Israel's skills snapshot
Developing the relevant skills
- How well does Israel’s education system perform? In the 2009 PISA tests of 15-year-olds, Israel performs below the OECD average in reading (rank 37), mathematics (rank 42) and science (rank 42).1
- Does Israel invest enough in education and training? Israel spent 7.2% of its annual income on education in 2009, compared to the OECD average of 6.2%.2
- To what extent are Israel’s older workers supplying their skills to the labour market? In 2011, 64% of people aged 55 to 64 were in the labour force, compared to an OECD average of 57.8%.3
- How smooth is the transition from school to work for Israel’s youth? The employment rate of Israelis youth in 2011 was 26.6%, compared with the OECD average of 39.3%.4 In 2011, the unemployment rate of Israel’s youth was 11.6%, a relatively low rate compared with the OECD average of 16.2%.5
- Are the qualifications of Israel’s workers well matched with the requirements of their jobs? In 2005, 24% of Israel’s workers were over-qualified for their jobs (against theOECD average of 25%), and 33% were under-qualified (against the OECD average of 22%).6 Over-qualified (under-qualified) workers are those who have a higher (lower) qualification than the most common qualification of all other workers in the same occupation.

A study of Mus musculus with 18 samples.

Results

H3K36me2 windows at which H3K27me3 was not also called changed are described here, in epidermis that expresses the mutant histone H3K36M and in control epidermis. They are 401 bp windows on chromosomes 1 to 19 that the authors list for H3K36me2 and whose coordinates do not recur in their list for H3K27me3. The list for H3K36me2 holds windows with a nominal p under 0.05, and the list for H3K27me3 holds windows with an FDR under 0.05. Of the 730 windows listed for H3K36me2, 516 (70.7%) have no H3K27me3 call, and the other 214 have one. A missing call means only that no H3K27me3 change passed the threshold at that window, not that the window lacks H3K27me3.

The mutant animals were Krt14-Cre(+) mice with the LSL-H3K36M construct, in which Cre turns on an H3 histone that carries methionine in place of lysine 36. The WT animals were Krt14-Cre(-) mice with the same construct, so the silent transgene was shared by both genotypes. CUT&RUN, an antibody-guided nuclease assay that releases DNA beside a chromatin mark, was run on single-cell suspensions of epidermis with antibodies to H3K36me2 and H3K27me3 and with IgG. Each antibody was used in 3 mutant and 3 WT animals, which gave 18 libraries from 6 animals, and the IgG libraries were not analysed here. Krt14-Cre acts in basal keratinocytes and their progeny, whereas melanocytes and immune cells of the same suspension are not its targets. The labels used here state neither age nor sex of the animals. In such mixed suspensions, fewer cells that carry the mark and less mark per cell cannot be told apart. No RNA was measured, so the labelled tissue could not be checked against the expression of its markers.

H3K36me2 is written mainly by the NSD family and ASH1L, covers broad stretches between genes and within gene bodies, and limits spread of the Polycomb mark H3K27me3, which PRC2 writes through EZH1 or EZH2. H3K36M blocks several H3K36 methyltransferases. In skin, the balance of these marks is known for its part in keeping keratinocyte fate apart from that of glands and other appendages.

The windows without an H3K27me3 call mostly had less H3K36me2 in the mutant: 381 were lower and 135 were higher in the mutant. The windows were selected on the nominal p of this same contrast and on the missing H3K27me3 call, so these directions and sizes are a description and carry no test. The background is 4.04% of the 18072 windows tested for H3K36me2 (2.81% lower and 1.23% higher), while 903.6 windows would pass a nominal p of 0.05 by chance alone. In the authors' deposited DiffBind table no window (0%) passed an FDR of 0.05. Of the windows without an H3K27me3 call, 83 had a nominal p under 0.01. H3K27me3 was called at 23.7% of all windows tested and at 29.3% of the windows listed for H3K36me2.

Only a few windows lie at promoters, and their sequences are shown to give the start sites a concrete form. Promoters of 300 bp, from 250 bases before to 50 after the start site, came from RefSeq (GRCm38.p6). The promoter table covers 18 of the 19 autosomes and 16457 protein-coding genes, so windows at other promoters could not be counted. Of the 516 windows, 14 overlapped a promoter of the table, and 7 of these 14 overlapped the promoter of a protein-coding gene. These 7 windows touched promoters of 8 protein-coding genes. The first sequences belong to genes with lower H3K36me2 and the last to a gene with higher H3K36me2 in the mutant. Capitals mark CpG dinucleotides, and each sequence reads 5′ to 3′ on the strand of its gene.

Information on data for Israel: http://dx.doi.org/10.1787/888932315602.
Key recommendations from the OECD Skills Strategy
A country can develop the relevant skills by encouraging and enabling people to learn throughout life; fostering international mobility of skilled people to fill skills gaps; and promoting cross-border skills policies.
A country can activate the supply of skills by encouraging people to offer their skills to the labour market and retaining skilled people in the labour market.
A country can put skills to effective use by creating a better match between people’s skills and the requirements of their job and increasing the demand for high-level skills.